The Dowager Countess of Deloraine, who was governess to the children of George II at Hampton Court and other royal homes, was a notorious bore — so much so that her “every word” made one “sick,” according to the courtier Lord Hervey. When she naively asked him why everyone was avoiding her, he replied with exquisite irony that “envy kept the women at a distance, despair the men.”
This kind of witty, skittish anecdote is scattered throughout Gareth Russell’s scintillating hybrid of a book, The Palace: From the Tudors to the Windsors, 500 Years of History at Hampton Court, which is partly a biography of a place and partly something stranger: an episodic history of England from Tudor times to the present, illustrated by lightning flashes of gossip and politics, set against the handsome backdrop of Hampton Court.
Russell, a novelist as well as a historian, is interested in how events have physically shaped the Thames-side palace. Successive owners have left their stamp, as have individual visitors. We learn, for instance, that Cardinal Wolsey made extensive repairs before receiving the Constable of France in 1527. An earlier owner, Lord Daubeney, was so keen to please Henry VII, who loved real tennis, that before having him to stay in 1500 he built a court. To this day, visitors can watch or book a lesson in this eccentric, wonderful game, which is the progenitor of the modern (and much less interesting) version of tennis.
Most people, Russell declares, now come to the palace more for its stories than its architecture. This, at any rate, is his own preference, as is clear from the relish with which he recounts the outrageous sexual crimes of which Anne Boleyn was accused. Arrested while watching real tennis there, she was charged with seducing a courtier a few weeks after giving birth, which seems unlikely. Moreover, it was asserted, she had enjoyed an energetic affair with her own brother, during which the incestuous pair engaged in vigorous French kissing. Who had witnessed this was anyone’s guess. As Russell wryly observes: “Treason and adultery are not usually spectator events.”
Hampton Court emerges as an enduring architectural symbol of royal lust. For it had been Henry VIII’s obsession with Boleyn, and fury with Wolsey for failing to facilitate their marriage, that led the king to seize the palace from the cardinal. It was there, later, that a new translation of the Bible was commissioned by James I, a king known for his passions for younger men. In response to anyone who doubts that His Majesty was gay, Russell points to a letter to him in which the Duke of Buckingham confessed his thoughts were “only bent on having [your] legs soon in my arms.”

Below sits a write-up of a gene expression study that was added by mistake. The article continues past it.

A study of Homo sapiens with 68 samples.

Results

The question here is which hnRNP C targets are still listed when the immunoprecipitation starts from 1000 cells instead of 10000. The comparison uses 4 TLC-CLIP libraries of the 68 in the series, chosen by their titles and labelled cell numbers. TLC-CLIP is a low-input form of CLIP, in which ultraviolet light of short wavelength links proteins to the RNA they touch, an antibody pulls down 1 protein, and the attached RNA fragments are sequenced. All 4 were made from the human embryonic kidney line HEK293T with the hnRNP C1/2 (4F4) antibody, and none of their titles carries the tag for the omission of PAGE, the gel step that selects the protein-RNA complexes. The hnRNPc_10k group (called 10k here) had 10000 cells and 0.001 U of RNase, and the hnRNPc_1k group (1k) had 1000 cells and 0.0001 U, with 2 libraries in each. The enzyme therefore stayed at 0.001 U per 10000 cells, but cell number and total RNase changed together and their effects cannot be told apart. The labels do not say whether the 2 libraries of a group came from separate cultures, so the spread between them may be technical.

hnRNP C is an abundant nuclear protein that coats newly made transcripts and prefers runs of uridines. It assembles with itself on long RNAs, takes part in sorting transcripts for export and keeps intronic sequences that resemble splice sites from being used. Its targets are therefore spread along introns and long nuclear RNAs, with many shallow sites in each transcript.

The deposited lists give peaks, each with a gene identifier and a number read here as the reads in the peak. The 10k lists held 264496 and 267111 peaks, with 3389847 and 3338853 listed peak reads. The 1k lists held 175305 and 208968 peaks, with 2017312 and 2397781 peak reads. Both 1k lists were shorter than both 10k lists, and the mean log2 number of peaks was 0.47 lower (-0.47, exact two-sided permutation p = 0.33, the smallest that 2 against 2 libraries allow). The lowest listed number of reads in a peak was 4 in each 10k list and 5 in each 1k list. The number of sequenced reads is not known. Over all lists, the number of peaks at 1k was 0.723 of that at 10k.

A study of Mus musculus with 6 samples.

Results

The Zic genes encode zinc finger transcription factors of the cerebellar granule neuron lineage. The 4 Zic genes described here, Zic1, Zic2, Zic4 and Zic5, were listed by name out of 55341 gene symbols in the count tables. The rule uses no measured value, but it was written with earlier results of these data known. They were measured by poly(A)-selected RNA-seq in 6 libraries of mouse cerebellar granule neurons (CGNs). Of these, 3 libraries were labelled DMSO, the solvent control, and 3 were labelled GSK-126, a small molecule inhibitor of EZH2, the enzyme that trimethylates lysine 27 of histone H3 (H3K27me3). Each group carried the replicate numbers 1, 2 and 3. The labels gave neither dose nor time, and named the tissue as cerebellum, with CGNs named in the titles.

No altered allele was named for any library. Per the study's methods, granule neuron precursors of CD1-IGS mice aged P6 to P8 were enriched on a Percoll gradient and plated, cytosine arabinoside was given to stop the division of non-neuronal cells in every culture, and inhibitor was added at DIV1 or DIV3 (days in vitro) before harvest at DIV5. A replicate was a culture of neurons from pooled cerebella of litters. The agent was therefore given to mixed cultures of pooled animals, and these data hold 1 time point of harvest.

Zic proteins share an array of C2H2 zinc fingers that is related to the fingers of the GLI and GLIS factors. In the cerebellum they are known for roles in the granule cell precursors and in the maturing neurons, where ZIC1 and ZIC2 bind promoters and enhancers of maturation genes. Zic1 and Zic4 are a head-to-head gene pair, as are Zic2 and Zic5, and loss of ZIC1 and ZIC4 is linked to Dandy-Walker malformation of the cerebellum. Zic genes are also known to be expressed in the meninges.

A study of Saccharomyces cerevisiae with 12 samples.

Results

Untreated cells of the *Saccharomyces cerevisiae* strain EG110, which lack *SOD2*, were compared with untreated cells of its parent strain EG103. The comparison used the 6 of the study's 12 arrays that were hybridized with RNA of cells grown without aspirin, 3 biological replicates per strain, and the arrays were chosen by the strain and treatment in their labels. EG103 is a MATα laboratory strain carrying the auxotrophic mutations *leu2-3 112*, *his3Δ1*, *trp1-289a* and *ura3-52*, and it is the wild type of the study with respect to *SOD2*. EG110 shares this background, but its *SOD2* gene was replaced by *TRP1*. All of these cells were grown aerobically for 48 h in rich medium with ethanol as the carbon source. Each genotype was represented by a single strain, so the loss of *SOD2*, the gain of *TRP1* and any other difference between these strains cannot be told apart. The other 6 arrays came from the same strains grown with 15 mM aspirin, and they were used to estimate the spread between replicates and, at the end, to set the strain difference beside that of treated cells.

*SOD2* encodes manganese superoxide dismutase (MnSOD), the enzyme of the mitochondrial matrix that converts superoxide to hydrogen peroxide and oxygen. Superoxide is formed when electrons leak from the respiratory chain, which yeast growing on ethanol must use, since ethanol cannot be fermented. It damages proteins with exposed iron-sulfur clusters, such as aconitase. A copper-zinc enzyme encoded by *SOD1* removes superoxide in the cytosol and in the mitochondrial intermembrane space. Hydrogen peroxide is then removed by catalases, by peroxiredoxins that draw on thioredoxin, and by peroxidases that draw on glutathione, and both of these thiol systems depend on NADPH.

James’s grandson, Charles II, showed staggering tactlessness when he installed his mistress, Barbara Villiers, as an attendant to his wife. The latter almost fainted on learning of it, then developed a nosebleed when Charles remarked that he couldn’t rescind the order since he had made the woman a promise. He later granted Villiers extensive apartments in the palace.
This mistress, later the Duchess of Cleveland, seems to have been a loathsome individual, but her sex appeal was extraordinary. The priapic diarist Samuel Pepys, although a Protestant, attended a Catholic mass on Christmas Eve purely in order to feast his eyes on her charms. The sight so overwhelmed him that he had a spontaneous orgasm. This happened with “my eyes open,” an awed Pepys noted in his diary, before adding with unexpected primness, “and God forgive me for it, it being in the chapel.”
There is the odd misstep. It’s surprising that a writer of Russell’s confidence feels the need to call Oliver Cromwell “the famous Parliamentarian general.” And he’s wrong that Michael Faraday, who lived in a grace-and-favor cottage at Hampton Court for nineteen years before his death in 1867, discovered electromagnetic rotations. That was the Danish physicist Hans Christian Ørsted. Faraday used them to invent the electric motor.
The book is less interested in the spirit of place than in the spirits — in, say, the spectral footprints left by Charles I as he escaped Cromwell’s guards through the Privy Gardens, or the phantasmagorical echo of Henry VIII’s grunts as he threw himself into a game of real tennis to hold his middle-aged spread at bay.
Perhaps inevitably, the later chapters of Russell’s long chronological sweep pale by comparison with the earlier ones. Try as he might, his account of the current Princess of Wales visiting Hampton Court in 2016 wearing “nude heels from L.K. Bennett” cannot compete with the description by a Venetian diplomat of Anne Boleyn’s “middling stature, swarthy complexion” and “bosom not much raised,” the cold critique punctuated with praise of the queen’s eyes, “which are black and beautiful, and take great effect.”
Nevertheless, it’s hard to imagine anyone writing a better version of the book Russell sets out to write than the racy delight we have here.